Touring WWI battlefields, the Michelin way

American troops in Michelin book, 1920

This photo appeared in Volume 1 of the Michelin Illustrated Guides to the Battlefields (1914-1918). The book title is “The Americans in the Great War: The Second Battle of the Marne.” The caption reads: “The French prime minister, M. Clemenceau, congratulating the American troops on the battlefield at Chateau-Thierry.” Clemenceau is second from the right. The photo is credited to the French illustrated weekly newspaper, L’Illustration, published in Paris.

The First World War was over but still an open wound in 1920 when the Michelin Tire Co. came out with a three-volume collection called The Americans in the Great War, with the header, Michelin Illustrated Guides to the Battlefields (1914-1918). Published by Michelin & Cie, Clermont-Ferrand, (France), it’s dedicated to “the Michelin workmen and employees who died gloriously for their country.” At the time, each volume cost $1.

The doughboys are heaped with praise in what is otherwise a dry recitation of the facts of the American engagement in France. “The Americans fought bravely,” it says. In the volume on the Meuse-Argonne battlefields, I read that the “splendid fighting spirit of the [U.S.] troops was remarked by all, and their fine comradeship, both on the firing line and at rest, won the widest possible admiration.”

I guess folks needed to hear that less than two years after the war ended, to help them come to terms with the sacrifices that had been made – the terrible losses of life, limb and sanity.

Touted as “A panoramic history and guide,” the books are sprinkled with photos that show generals, battlefields, towns and villages in ruin, but no graphic reminders of the staggering human carnage. There are maps showing the movement of armies and directions on how to tour the battlefields by car, as well as suggested itineraries.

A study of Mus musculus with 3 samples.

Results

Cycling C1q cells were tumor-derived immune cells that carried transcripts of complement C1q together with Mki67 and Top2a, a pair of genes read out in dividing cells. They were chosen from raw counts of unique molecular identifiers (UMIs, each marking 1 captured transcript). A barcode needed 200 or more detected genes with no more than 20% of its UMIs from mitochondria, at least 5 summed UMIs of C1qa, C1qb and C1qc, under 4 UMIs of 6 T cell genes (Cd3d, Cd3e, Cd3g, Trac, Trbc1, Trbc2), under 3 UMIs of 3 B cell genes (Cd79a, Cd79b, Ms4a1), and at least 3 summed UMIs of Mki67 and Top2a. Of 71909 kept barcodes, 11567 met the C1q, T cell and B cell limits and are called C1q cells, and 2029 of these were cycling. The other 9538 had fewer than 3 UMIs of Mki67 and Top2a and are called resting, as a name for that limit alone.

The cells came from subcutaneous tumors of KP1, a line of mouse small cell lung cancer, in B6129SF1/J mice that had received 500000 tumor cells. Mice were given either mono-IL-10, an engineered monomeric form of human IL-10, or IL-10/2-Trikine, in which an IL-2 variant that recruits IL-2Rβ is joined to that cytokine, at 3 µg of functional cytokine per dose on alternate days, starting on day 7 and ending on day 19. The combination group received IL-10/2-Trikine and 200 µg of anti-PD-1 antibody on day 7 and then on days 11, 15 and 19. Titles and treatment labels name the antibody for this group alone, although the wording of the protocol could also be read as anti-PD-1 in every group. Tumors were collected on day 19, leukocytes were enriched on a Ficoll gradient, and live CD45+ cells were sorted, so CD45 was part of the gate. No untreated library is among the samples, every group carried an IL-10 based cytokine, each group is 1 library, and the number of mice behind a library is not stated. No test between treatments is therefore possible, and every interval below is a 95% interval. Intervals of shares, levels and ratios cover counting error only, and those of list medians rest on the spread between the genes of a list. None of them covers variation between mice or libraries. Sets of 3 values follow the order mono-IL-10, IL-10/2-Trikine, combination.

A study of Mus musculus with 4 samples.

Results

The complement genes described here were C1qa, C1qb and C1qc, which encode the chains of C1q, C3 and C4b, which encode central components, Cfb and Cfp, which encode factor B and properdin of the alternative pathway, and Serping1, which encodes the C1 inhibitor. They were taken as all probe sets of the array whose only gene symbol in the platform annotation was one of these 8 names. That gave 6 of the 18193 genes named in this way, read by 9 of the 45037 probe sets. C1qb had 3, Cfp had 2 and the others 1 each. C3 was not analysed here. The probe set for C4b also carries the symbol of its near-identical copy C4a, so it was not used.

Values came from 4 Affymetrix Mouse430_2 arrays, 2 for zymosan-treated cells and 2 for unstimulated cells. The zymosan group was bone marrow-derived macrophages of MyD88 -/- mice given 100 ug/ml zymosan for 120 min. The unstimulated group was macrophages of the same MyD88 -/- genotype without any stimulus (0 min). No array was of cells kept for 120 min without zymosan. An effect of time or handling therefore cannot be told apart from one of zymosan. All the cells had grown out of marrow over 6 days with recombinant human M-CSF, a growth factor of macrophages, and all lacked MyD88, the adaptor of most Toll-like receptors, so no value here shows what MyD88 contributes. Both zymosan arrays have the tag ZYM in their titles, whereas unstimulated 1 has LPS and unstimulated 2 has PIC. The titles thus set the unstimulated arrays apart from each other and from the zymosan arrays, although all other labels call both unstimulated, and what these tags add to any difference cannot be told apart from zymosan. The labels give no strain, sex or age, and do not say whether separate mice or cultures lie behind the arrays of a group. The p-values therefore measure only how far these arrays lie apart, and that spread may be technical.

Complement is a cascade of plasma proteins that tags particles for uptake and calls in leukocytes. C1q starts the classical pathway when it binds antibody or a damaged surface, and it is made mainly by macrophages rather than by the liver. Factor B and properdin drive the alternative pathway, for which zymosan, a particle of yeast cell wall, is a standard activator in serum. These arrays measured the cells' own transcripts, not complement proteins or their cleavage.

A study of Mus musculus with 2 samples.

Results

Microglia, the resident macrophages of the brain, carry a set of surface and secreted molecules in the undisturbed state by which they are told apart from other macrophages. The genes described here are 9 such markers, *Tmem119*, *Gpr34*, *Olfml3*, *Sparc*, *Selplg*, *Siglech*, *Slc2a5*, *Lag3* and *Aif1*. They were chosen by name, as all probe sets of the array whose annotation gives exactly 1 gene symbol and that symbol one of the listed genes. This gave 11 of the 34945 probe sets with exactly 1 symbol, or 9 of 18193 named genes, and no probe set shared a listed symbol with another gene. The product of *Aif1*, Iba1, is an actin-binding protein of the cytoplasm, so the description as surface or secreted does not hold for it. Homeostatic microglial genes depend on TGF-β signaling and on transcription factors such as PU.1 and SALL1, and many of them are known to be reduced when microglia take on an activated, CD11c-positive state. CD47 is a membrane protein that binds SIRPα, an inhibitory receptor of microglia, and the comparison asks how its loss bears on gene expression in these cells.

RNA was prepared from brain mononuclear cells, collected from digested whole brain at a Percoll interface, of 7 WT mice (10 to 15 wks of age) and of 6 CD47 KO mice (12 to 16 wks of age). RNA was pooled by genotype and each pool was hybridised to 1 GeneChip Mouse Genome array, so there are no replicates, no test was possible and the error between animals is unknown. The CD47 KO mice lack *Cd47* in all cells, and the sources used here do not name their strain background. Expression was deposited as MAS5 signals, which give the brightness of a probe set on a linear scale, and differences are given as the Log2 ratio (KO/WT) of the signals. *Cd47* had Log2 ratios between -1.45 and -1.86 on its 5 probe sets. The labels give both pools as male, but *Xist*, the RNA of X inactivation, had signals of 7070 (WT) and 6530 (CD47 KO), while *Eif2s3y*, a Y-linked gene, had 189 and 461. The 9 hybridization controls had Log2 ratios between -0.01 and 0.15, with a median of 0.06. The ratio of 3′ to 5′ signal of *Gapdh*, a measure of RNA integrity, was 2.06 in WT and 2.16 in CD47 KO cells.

The three volumes I have once belonged to Jack Davis of Easton, a World War II veteran whose account of his experience in the Battle of the Bulge is in my book War Stories: In Their Own Words. Jack died more than a year ago. His daughters gave his collection of several dozen military history books to the Lehigh Valley chapter of the Veterans of the Battle of the Bulge, of which he’d been a member. At the last meeting, those books were divvied up by lottery. As an associate member, I was lucky to get the Michelin books.

Jack’s copies appear to have been owned at some point by a Michelin agent. The title page of Volume 1 is stamped “C. Everett Hesselgrave, agent, 109 White Bldg., Seattle. Phone Main 289.” Hesselgrave signed the copy.

One of the most interesting aspects is the advertising – full-page ads with spare line drawings of cars and maps.

Here’s the text for one:

You don’t know what a
Good Road Map
is, if you haven’t used the
Michelin Map.
The tourist finds his way about easily in a town, if he has a plan giving the names of the streets.
He gets about with the same ease and certainty on the road, if he has a Michelin Map, because it gives the numbers of all the roads.

And here’s another:

The Michelin Wheel
BEST of all detachable wheels because the least complicated
Elegant: It embellishes even the finest coachwork.
Simple: It is detachable at the hub and fixed by six bolts only.
Strong: the only wheel which held out on all fronts during the war.
Practical: Can be replaced in 3 minutes by anybody and cleaned still quicker.

So, the books don’t just tell you about the American battles of World War I. They tell you about 1920.